What is a Brain Aneurysm?
A brain aneurysm is an abnormal bulge in the wall of an artery in the brain. They occur at areas of thinning and weakness in the artery wall. They most frequently occur at forks in arteries at the base of the brain. They can also be called berry aneurysms because they frequently appear as the shape and size of a small berry. Most brain aneurysms produce no symptoms until they enlarge, start to leak blood, or burst. Should they burst they are a medical emergency and you should call 911 for transportation to the hospital. Fortunately, most brain aneurysms do not rupture and are detected from other tests for other conditions.
Unruptured brain aneurysms tend to have few or no symptoms. If they expand and press on nerves then they may have symptoms related to those nerves. These can include droopy eyelids, headaches, a dilated pupil, blurred vision or weakness.
Ruptured brain aneurysms are a life threatening medical emergency and you should call 911 for immediate medical care and transportation to the hospital. These will cause a subarachnoid hemorrhage which is bleeding into the space around the brain. Since the brain is in an enclosed space, the pressure inside of the head increases. Patients often describe this as “the worst headache of my life.” It can also cause confusion, loss of consciousness, a stiff neck, weakness, numbness, seizures, light sensitivity, nausea and vomiting.
A leaking brain aneurysm may allow a small amount of blood to escape called a “sentinel bleed”. This can also cause “the worst headache of my life” and symptoms in common with a rupture. In addition, rupture of the aneurysm can also follow this sentinel leak.
The causes of brain aneurysm are unknown. Risk factors may be present at birth or develop over time. Progressive risk factors include aging, tobacco use, high blood pressure, heavy alcohol or drug abuse. Head trauma or certain infections can also lead to aneurysms.
Conditions present at birth include connective tissue disorders, polycystic kidney disease, and cerebral arteriovenous malformations. In addition, having a family history of a brain aneurysm with a first degree relative can increase your risk.
Most brain aneurysms are detected with testing for other conditions like headaches. Diagnosis may be suggested by a combination of a patient’s history and symptoms. MRI (Magnetic Resonance Imaging) and MRI (Magnetic Resonance Angiogram) are usually the test of choice to detect unruptured brain aneurysms. These scans use strong magnetic fields and produce detailed soft tissue images of the brain.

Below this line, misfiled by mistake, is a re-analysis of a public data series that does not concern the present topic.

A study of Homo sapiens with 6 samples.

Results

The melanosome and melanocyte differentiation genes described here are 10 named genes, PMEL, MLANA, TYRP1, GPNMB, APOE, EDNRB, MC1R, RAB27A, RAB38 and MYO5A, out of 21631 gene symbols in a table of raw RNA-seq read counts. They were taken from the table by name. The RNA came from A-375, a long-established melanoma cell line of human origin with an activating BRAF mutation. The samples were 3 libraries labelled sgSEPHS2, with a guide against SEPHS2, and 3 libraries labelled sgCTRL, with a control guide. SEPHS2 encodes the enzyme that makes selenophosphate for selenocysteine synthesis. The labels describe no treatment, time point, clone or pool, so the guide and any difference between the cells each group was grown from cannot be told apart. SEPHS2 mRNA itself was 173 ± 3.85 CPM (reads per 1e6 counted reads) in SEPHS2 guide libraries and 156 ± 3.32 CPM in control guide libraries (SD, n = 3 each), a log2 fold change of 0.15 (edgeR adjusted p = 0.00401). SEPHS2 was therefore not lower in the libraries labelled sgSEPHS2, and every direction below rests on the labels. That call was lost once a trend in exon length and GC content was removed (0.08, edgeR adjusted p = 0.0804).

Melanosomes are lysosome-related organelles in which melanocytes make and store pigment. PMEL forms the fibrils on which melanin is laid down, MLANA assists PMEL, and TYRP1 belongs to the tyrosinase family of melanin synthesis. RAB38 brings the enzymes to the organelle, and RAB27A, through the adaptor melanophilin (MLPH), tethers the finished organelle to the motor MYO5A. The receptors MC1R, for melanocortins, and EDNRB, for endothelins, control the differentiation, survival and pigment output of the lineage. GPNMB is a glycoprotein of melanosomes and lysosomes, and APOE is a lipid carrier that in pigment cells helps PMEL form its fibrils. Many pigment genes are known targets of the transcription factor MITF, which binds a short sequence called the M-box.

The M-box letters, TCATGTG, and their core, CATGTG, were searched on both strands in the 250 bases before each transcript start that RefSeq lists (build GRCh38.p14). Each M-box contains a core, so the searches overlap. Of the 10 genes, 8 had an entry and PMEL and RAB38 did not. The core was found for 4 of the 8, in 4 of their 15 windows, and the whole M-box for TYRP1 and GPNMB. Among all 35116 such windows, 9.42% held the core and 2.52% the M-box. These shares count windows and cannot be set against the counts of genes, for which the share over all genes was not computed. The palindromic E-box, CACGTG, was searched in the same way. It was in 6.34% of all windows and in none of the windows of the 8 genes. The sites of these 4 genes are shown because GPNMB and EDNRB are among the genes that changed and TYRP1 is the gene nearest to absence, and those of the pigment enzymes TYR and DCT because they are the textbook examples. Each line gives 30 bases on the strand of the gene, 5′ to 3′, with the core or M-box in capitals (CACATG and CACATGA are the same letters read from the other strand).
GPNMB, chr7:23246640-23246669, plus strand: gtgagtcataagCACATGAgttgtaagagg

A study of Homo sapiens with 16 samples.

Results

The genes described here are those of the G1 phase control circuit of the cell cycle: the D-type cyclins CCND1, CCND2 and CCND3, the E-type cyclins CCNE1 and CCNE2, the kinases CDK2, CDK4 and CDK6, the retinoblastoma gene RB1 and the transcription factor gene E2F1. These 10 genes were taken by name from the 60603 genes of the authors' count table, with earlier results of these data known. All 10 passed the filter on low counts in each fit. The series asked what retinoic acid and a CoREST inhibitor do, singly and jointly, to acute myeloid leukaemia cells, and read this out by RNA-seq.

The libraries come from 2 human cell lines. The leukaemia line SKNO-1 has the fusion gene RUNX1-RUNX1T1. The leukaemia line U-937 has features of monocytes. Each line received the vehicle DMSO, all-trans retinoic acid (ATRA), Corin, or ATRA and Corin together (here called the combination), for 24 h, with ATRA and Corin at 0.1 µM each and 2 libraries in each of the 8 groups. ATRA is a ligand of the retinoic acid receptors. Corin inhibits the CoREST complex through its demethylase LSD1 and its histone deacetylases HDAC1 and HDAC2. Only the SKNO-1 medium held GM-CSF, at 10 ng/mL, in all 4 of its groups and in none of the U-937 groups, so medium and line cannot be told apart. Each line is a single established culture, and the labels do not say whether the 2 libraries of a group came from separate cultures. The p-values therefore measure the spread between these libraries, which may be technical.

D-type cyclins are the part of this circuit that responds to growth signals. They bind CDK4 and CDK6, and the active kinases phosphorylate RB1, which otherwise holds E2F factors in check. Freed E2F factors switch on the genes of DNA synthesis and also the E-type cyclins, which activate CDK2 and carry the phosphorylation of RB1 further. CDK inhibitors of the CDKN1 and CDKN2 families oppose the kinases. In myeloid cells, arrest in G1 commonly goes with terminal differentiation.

Emergency surgery is required for a leaking or ruptured brain aneurysm. For unruptured aneurysms the size, location and symptoms will help determine the likelihood of future rupture. In addition, the potential of injury from repair of a brain aneurysm needs to be considered in relation to the symptoms and chance of rupture.
Should a brain aneurysm be discovered on an unrelated imaging test, and you do not have related symptoms or risk factor, your doctor may recommend watchful waiting with regular imaging tests to ensure that the aneurysm does not grow over time. It is also important to stop smoking and to have blood pressure well controlled. Should you develop symptoms it is important to get help immediately.
Surgery and/or endovascular treatment are the procedures to treat ruptured or unruptured brain aneurysms.
Open surgical (microvascular) clipping
A small opening in your skull or skull base to provide access to the brain aneurysm. Microinstruments are used attach metal clips to seal of the base of the aneurysm. This stops blood from flowing into the aneurysm and will stop brain bleed or prevent future aneurysm rupture. Recovery time may be a few weeks for unruptured aneurysms with longer times of up to a few months for ruptured aneurysms. Aneurysm surgery is considered curative although aneurysms may recur.
Endovascular therapy which includes coil embolization, stenting, balloon remodeling, flow diversion, or an intraluminal “Web” device.
Sometimes it is possible to treat a brain aneurysm through a catheter in the arm or groin. The catheter is threaded through the vessel to the area of the aneurysm. Using balloons or stents, wires are used to coil inside of the aneurysm. An intraluminal Web device is a mesh ball that can also be placed in the aneurysm. Both techniques form blood clot formation to block blood flow into the aneurysm.
Flow diversion uses a similar catheter to place a mesh tube in the part of the blood vessel that contains the aneurysm. The tube acts as a stent to bypasses the aneurysm.
The neurosurgeons of Norelle Health are highly trained and skilled in the diagnosis, management, and treatment of brain aneurysms. Our neurosurgeons can provide the optimal treatment. As out-of-network providers, we will check your benefits for you and let you know what they are so there are no surprises. We use an individualized treatment plan for your concerns to provide a personalized holistic plan of care. If you would like assistance, please feel free to contact us (link to contact page) or call our office (link to phone number). Should you have sudden onset of symptoms, like the ones listed above, call 911 and seek immediate medical care.